October 09, 2013
DALLAS - After traveling halfway around the world, there are two constants for Dallas High senior Tim Falkenheim: school and football - or rather, soccer.
A little more than two months ago Falkenheim left Wolfenbuettel, Germany, to travel to the United States after being placed in Dallas through his foreign exchange student program.
"I looked Dallas up on the Internet before I left, it was like how I imagined the United States to look like," Falkenheim said.
Falkenheim was excited for his opportunity abroad, but even more so when he started playing soccer for the Dallas High boys this fall.
"I knew I'd play soccer somewhere while I was here - I was surprised to see how common it was within the high schools," he said.
In Germany, high schools don't have soccer programs; instead Falkenheim has played for the last 10 years on a club team, Braunschweiger Sport Club, the jersey of which he proudly sports during most practices.
Falkenheim was faced with two seemingly difficult transitions: one, moving to America and living in Dallas; the other on the field with the Dragons boys team.
"I miss not having my parents around, but other than that life here is pretty much the same except for a few things," Falkenheim said.
"The schedule is a lot different, especially going right from school to practice or a game, but there is less homework usually so that is nice."
Falkenheim has also taken up two American pastimes while in the area: eating at Taco Bell and target shooting.
"I don't even know if either of those things are allowed in Germany," Falkenheim joked.
On the field, it is much of the same story despite the skill difference between his new and old teammates.
"It's like if you're a decent basketball player in the U.S. and then go play in Europe, you'll probably do pretty well," Dallas coach Gabe Davis said. "He has the instincts you can't really teach or hope to learn in a few years."
"I felt very comfortable when I first started playing with the team," Falkenheim said. "Everyone was nice to me and that really helped with my move from Germany."
What would seemingly be a large gap in skill level between his club years in Germany and Class 5A soccer in the Mid-Willamette Conference, Falkenheim said it isn't really that much different.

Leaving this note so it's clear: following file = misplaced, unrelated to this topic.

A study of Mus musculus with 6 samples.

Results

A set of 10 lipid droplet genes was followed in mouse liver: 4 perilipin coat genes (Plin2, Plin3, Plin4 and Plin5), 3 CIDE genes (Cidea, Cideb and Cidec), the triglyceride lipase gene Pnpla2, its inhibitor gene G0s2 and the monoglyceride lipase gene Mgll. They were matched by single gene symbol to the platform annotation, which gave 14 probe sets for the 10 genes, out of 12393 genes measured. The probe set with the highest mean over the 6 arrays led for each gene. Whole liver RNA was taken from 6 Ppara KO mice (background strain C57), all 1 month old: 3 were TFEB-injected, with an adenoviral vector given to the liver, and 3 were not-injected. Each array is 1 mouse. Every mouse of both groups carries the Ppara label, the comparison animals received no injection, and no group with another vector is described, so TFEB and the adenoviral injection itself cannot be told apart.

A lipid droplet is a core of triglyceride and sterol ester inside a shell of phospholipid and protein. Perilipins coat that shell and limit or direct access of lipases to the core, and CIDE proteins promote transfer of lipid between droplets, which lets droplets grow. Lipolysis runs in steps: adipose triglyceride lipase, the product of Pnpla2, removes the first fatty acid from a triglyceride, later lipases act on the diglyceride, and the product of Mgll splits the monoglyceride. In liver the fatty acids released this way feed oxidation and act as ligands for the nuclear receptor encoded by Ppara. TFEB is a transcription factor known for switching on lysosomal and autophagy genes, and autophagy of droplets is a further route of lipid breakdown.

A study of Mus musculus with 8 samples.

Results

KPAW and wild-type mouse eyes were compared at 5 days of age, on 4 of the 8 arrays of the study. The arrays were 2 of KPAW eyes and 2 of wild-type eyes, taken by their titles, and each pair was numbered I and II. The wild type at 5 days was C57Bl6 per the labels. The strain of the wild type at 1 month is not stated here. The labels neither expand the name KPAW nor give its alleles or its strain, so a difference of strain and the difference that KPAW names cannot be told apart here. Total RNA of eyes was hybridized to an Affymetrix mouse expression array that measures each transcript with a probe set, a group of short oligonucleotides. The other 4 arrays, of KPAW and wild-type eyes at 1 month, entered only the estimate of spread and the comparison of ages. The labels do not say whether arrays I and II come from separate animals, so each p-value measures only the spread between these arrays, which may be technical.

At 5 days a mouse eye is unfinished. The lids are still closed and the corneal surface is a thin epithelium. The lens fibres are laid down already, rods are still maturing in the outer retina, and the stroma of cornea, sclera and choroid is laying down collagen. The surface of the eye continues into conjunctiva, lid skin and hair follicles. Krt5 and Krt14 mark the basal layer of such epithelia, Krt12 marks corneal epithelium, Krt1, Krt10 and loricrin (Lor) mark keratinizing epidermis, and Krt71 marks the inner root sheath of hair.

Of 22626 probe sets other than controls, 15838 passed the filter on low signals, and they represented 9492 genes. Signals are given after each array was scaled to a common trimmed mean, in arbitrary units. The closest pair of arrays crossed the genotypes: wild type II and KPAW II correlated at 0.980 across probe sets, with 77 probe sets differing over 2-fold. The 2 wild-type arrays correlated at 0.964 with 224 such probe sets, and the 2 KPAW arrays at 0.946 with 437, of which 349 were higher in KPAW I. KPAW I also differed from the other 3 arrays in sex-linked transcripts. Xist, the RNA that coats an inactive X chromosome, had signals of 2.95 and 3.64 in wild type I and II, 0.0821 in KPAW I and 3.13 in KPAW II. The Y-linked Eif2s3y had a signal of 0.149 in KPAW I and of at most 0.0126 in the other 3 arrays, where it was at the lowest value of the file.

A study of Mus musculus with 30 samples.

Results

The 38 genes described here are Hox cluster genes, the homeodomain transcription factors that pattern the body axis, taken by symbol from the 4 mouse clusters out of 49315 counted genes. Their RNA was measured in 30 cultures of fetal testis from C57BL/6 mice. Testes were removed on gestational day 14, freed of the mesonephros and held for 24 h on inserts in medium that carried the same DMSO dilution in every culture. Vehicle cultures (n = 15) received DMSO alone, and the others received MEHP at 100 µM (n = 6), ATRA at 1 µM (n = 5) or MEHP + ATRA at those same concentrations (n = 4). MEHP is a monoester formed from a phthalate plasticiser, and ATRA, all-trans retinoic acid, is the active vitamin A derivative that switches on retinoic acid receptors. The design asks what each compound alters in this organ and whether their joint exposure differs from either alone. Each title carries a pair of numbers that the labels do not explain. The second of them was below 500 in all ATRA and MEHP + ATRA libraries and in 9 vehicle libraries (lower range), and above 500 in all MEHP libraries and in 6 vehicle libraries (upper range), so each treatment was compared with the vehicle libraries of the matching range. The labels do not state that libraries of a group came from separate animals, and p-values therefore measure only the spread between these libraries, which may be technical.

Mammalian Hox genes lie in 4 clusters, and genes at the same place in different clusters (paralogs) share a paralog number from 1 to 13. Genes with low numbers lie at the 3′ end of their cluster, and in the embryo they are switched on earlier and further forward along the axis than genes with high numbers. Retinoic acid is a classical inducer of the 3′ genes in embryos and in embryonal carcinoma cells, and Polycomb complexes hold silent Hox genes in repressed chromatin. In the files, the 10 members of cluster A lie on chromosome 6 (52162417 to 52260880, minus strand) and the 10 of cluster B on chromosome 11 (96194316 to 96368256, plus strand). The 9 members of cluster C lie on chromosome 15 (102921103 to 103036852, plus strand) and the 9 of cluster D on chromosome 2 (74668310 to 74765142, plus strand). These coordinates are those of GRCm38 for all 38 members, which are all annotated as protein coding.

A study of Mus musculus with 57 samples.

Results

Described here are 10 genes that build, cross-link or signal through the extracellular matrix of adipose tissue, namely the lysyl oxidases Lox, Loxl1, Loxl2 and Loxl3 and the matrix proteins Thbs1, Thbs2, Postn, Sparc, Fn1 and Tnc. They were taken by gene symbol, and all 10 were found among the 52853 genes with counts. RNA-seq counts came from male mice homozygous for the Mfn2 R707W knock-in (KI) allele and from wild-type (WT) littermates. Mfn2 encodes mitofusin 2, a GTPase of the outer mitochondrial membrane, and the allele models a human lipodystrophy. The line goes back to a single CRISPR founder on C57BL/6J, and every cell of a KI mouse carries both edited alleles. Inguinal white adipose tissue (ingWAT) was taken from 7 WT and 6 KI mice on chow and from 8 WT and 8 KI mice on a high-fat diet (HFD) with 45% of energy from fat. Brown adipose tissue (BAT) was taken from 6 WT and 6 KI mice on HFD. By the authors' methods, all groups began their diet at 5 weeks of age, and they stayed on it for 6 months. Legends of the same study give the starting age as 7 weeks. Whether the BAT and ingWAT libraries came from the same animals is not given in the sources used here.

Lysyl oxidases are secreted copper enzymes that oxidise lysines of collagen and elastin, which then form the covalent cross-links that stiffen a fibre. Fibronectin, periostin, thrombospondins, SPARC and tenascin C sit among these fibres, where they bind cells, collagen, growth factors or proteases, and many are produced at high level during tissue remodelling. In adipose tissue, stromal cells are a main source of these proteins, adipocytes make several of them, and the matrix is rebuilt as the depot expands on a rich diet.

"The only big difference here is that club teams in Germany all have 11 very skilled players. Here, there are probably five or six really skilled players per team," Falkenheim said. "I would say most of the guys here are better conditioned though.
This is probably due to the other big difference Falkenheim noted: "Here we practice a lot and play two games a week. In Germany, we practice two or three times a week and have games on Saturday."
Falkenheim has taken to his role as mostly a center defensive midfielder as opposed to the forward he generally played with his club team in Germany.
"We call him the ficus because he is like a tree in the middle," Davis said. "When he is aggressive he does a great job of winning the ball and is typically more physical than a lot of the players here."
It is still early, but Falkheim and Davis hope he can impart some of the things he has learned in Germany to help the young Dallas team.
"It's hard to tell if I am a leader yet," Falkenheim said. "I would like to start helping more with some of the things I have learned."
"Hopefully as the season progresses and he starts to mesh more with the guys he will take on a bigger role and leave some wisdom with our guys," Davis said.
With that said, Falkenheim is already learning some lessons from the Dallas boys.
"I've learned that winning isn't everything; even if we don't win though, all our guys try their best and play hard every match," Falkenheim said.
There are no lofty goals for Falkenheim this season, as he is enjoying just being out there with the team and making some American friends.
"I just want to support the team as much as possible and have fun - and score my first goal here in America," he said.
As for his future, Falkenheim hopes his experience on and off the field will lead to friendships he can keep in touch with when he heads back to Germany at the end of the school year.